Moms Start Allergy Friendly Food Pantry For Low-Income Families On Special Diets
You might roll your eyes when you hear that someone has a gluten intolerance, but in fact, the epidemic is very real and continues to increase in prevalence. The Organic Consumers Association believes this is because modern wheat in America is heavily sprayed with Roundup, an herbicide which contains glyphosate. In addition, certain health experts believe that the modern version of wheat – which contains a protein called glia-alpha 9, basically triggers celiac disease in the population. It doesn’t help that the food also is believed to contribute to leaky gut syndrome.
Leaky gut syndrome in conjunction with low stomach acid and a diet high in refined sugars, low-quality fats, and too much animal protein can result in particulates ‘leaking’ through the gut wall and being identified as an ‘invader’ by the immune system. Inevitably, this results in inflammation and allergen-like responses. This combination is most likely what’s behind most peoples’ food allergies – but definitely not always.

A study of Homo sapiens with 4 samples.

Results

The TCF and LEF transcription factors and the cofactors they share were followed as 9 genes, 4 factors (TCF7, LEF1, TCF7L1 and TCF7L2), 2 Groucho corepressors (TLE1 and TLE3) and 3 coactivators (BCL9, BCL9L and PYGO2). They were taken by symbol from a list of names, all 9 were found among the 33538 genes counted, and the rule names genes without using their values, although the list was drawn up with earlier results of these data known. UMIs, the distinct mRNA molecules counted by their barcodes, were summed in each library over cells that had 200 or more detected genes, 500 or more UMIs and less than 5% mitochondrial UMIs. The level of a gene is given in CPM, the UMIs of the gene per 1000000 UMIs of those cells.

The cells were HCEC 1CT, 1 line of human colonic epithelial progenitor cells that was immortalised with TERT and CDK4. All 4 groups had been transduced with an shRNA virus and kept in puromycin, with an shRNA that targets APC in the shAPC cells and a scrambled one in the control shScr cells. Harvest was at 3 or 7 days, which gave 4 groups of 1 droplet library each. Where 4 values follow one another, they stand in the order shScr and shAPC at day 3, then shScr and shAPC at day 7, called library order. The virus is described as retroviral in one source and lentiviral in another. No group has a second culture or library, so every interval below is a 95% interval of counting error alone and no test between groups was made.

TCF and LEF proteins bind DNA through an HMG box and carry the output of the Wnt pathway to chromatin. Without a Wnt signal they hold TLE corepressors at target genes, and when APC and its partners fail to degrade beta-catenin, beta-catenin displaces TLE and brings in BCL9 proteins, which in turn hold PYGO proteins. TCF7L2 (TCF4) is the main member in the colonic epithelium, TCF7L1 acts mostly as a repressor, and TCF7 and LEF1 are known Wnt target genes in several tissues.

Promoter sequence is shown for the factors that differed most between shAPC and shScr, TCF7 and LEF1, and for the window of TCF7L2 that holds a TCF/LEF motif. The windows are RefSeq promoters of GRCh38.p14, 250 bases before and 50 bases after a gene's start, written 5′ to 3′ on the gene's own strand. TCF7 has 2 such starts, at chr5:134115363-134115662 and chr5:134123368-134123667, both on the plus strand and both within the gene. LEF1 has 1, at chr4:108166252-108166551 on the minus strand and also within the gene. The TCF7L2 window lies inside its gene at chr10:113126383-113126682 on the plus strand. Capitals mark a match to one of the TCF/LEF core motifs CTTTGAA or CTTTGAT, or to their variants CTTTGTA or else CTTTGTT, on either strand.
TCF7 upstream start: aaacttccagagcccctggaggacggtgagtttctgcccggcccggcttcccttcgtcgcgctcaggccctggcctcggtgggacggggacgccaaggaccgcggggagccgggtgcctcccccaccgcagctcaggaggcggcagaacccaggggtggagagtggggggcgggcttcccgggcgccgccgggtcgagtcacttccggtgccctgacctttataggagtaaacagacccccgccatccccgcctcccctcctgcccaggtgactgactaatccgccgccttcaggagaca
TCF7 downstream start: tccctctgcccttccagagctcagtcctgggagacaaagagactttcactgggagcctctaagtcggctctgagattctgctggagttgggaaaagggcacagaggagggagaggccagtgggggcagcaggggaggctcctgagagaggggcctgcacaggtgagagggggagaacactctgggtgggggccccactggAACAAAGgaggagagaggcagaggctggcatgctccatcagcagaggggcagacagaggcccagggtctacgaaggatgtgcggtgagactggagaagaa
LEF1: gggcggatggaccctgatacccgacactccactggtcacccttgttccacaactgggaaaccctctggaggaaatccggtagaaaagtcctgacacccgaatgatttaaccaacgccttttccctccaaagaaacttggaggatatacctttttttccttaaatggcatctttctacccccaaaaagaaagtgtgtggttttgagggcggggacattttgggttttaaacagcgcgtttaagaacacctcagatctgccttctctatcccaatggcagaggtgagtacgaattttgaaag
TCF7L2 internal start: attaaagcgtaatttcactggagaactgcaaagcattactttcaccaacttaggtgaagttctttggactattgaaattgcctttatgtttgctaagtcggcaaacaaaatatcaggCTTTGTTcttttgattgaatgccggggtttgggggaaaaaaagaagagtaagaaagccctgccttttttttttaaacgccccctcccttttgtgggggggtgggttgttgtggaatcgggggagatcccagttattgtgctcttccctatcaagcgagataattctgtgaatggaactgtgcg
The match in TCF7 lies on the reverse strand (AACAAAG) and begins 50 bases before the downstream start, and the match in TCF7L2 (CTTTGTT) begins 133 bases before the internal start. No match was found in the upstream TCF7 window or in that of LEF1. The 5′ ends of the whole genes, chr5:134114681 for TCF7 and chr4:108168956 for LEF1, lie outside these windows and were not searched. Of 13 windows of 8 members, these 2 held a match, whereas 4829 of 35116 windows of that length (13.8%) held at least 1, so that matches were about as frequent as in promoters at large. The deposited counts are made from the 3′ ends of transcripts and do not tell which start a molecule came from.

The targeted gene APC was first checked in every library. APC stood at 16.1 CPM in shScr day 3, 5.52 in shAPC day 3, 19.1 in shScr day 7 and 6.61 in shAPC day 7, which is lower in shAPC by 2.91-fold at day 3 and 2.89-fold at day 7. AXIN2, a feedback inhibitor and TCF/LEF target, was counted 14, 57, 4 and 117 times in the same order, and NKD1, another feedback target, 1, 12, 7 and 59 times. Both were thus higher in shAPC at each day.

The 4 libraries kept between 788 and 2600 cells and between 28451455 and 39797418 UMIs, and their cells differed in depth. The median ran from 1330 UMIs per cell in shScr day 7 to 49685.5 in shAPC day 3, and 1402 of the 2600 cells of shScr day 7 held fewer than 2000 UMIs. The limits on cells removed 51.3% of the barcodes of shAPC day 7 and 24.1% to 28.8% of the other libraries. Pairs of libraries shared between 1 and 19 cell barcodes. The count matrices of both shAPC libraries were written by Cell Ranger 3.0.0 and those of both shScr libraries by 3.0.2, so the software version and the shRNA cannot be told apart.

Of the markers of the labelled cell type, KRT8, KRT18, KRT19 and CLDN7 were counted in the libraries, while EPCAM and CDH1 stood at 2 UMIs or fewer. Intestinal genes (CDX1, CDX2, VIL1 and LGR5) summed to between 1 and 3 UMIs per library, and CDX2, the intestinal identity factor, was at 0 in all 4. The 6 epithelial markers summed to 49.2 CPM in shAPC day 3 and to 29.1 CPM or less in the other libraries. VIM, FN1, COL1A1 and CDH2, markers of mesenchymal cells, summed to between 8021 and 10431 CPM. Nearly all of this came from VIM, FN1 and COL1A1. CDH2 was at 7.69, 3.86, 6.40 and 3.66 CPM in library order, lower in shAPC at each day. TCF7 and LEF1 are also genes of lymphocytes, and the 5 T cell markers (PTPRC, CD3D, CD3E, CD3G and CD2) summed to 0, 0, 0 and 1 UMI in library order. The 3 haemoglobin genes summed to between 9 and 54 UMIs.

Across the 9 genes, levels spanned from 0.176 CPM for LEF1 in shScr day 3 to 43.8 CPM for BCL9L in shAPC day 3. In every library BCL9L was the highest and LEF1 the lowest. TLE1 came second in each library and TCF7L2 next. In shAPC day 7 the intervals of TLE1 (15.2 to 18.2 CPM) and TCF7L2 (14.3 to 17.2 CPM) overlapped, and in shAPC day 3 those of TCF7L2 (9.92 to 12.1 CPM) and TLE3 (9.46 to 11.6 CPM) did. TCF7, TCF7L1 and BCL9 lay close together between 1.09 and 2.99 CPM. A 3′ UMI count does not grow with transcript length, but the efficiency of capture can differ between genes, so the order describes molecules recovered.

Because dietary intolerances are on the rise, more and more families are choosing to omit foods which may trigger inflammatory responses. Companies are now selling products that may be suitable for those on for those on ‘special diets’, but the offerings are incredibly expensive, making them off-limits for low-income families.
Because no parent should ever have to feel as if they can’t help themselves or their child – especially when it concerns something as fixable as food allergies and low-quality food, two moms decided to start a food pantry that specifically caters to families with food allergies.
According to a feature report by NationSwell, the nation’s first allergy-friendly food pantry was founded by Emily Brown and Amy Goode because they both had financial difficulties buying the right foods for their kids.
The two Kansas moms met at a food allergy support group and launched the Food Equality Initiative to make sure that everyone can benefit from free, healthy groceries.
GoodNewsNetwork relays that since 2015, the one-of-a-kind pantry has distributed over 12,350 pounds of allergy-friendly food to 70 families in need.